If you’re in the market for a new home in a building with shared amenities in NW Bergen County, you might be considering condominiums (condos) or cooperative apartments (co-ops). Both are popular options but there are some significant differences between these two types of properties namely:

Ownership Structure

When you buy a condo, you own the unit and a portion of the common areas. You also have the right to sell or rent out your unit as you please, unless the HOA has by-laws with restrictions. For instance, some complexes, such as Cambridge Heights in Ramsey require owners to live in the unit for a minimum number of years before renting out.

In contrast, when you buy a co-op, you are buying shares in the corporation that owns the building. Shareholders do not own the unit itself, but rather a portion of the corporation that owns the building. As a shareholder, you have the right to occupy the apartment, but you do not own it outright. You also do not have the right to rent it out without the approval of the co-op board.

Co-Op Boards

Another significant difference between condos and co-ops is the role of the co-op board. In a condo, the board is usually responsible for managing the common areas, enforcing rules and regulations, and maintaining the building’s physical structure. In a co-op, the board has much more power. They are responsible for screening potential buyers, approving any changes or renovations to the apartment, and enforcing rules and regulations.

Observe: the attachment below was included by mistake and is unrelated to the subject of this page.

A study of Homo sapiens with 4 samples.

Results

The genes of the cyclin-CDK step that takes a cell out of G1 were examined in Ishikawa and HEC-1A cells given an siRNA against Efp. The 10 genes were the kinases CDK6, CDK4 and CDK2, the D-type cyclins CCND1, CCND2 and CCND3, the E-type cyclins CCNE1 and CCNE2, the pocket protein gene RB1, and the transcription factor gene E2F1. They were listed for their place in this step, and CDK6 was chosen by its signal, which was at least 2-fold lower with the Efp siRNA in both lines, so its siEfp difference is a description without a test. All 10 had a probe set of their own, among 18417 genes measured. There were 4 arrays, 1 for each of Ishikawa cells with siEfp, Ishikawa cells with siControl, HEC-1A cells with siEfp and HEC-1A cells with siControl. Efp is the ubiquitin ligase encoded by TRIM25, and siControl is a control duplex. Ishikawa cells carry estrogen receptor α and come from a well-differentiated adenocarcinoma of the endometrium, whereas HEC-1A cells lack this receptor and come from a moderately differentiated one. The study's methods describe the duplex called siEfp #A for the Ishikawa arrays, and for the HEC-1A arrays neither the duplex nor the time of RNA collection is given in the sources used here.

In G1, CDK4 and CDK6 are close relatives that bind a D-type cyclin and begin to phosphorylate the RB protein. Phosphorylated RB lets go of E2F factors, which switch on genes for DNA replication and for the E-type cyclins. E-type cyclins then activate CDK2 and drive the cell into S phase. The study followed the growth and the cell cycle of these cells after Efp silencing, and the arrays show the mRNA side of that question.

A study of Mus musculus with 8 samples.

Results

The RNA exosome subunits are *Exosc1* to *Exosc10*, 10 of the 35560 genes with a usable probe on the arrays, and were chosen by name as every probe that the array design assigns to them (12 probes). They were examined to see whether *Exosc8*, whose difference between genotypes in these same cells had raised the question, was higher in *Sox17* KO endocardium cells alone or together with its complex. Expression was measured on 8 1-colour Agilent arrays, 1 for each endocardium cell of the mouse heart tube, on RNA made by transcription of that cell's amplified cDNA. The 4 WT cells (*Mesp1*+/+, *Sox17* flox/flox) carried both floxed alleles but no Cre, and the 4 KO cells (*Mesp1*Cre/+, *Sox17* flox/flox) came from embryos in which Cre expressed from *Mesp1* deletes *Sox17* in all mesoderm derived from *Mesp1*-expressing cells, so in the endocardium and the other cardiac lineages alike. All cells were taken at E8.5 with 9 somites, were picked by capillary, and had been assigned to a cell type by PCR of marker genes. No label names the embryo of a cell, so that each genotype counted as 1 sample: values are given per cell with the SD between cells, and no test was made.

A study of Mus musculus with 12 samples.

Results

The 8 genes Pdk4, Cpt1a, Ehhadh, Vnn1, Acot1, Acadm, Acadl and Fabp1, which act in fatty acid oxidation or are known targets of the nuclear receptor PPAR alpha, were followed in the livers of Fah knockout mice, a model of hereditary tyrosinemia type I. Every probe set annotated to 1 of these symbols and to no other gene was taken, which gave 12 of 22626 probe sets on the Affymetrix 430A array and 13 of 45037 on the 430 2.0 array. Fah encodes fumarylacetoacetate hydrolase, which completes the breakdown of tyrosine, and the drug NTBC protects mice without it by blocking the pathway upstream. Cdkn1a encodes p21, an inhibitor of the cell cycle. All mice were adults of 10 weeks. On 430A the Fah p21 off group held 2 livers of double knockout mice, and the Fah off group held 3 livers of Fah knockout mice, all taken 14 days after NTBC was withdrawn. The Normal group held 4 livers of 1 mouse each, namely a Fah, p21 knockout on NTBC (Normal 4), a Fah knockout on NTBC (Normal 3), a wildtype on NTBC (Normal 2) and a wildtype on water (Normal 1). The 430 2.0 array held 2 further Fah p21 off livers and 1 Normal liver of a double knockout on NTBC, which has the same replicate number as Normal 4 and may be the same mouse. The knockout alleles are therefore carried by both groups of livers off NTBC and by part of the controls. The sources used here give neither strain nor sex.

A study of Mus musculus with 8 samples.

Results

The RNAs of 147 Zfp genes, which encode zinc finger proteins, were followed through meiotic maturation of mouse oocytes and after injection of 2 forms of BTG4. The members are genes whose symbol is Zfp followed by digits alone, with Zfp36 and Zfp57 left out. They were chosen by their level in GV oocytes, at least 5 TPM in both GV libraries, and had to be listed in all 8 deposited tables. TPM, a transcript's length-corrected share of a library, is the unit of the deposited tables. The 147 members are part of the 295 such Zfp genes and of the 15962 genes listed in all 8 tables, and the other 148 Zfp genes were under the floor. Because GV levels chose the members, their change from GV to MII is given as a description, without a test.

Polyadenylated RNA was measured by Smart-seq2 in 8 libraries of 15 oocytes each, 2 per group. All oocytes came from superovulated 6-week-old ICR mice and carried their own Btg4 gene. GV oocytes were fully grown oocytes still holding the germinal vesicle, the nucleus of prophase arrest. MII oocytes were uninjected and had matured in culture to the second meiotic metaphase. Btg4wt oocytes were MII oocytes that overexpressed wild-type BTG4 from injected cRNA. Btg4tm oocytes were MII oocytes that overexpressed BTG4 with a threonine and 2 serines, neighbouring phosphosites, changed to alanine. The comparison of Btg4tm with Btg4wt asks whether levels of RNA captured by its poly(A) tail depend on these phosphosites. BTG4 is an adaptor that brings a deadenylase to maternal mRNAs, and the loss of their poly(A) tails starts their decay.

Approval Process

The approval process for buying a co-op is often more stringent than buying a condo. Potential buyers will be required to submit extensive financial documentation, including tax returns, bank statements, and proof of income. The board will also conduct a background check and interview to determine if the buyer is a good fit for the building. In contrast, buying a condo is generally a more straightforward process, and there is no board approval required.



When you own a condo, you will be responsible for paying a monthly fee to the condo association. This fee covers the cost of maintaining the common areas, building insurance, and other shared expenses. Typically, the HOA covers any maintenance “outside the studs” of a unit such as the roof, siding and decks. In a co-op, the maintenance fee may include your portion of the building’s mortgage, property taxes, water, heat and other expenses. That is why you will find the monthly maintenance much higher for co-ops than for condos.   

The decision to buy a condo or co-op depends on your lifestyle, financial situation, and personal preferences. Condos offer more ownership rights, less board oversight, and generally better resale value. Co-ops offer more affordability, access to amenities, and a greater sense of community, but come with more stringent rules, approval processes, and board oversight. It’s important to weigh the pros and cons of each option carefully before making your decision.

Here are some popular condo and co-op communities in NW Bergen County:                                                                             

 Co-ops Condos
Ferncroft Park, Ramsey Ridge Gardens, Mahwah 
Whitehall, Hackensack Cambridge Heights, Ramsey 
Sipporta Village, Paramus  Ramapo Ridge, Mahwah
Teaneck Gardens, Teaneck Paddington Square, Mahwah 
 Holiday Farms, River Vale 
 Four Seasons at Ridgemont, Woodcliff Lake 


If you would like more information on condos and co-ops, contact the Kristin Graves Team at 201-825-6600 x222.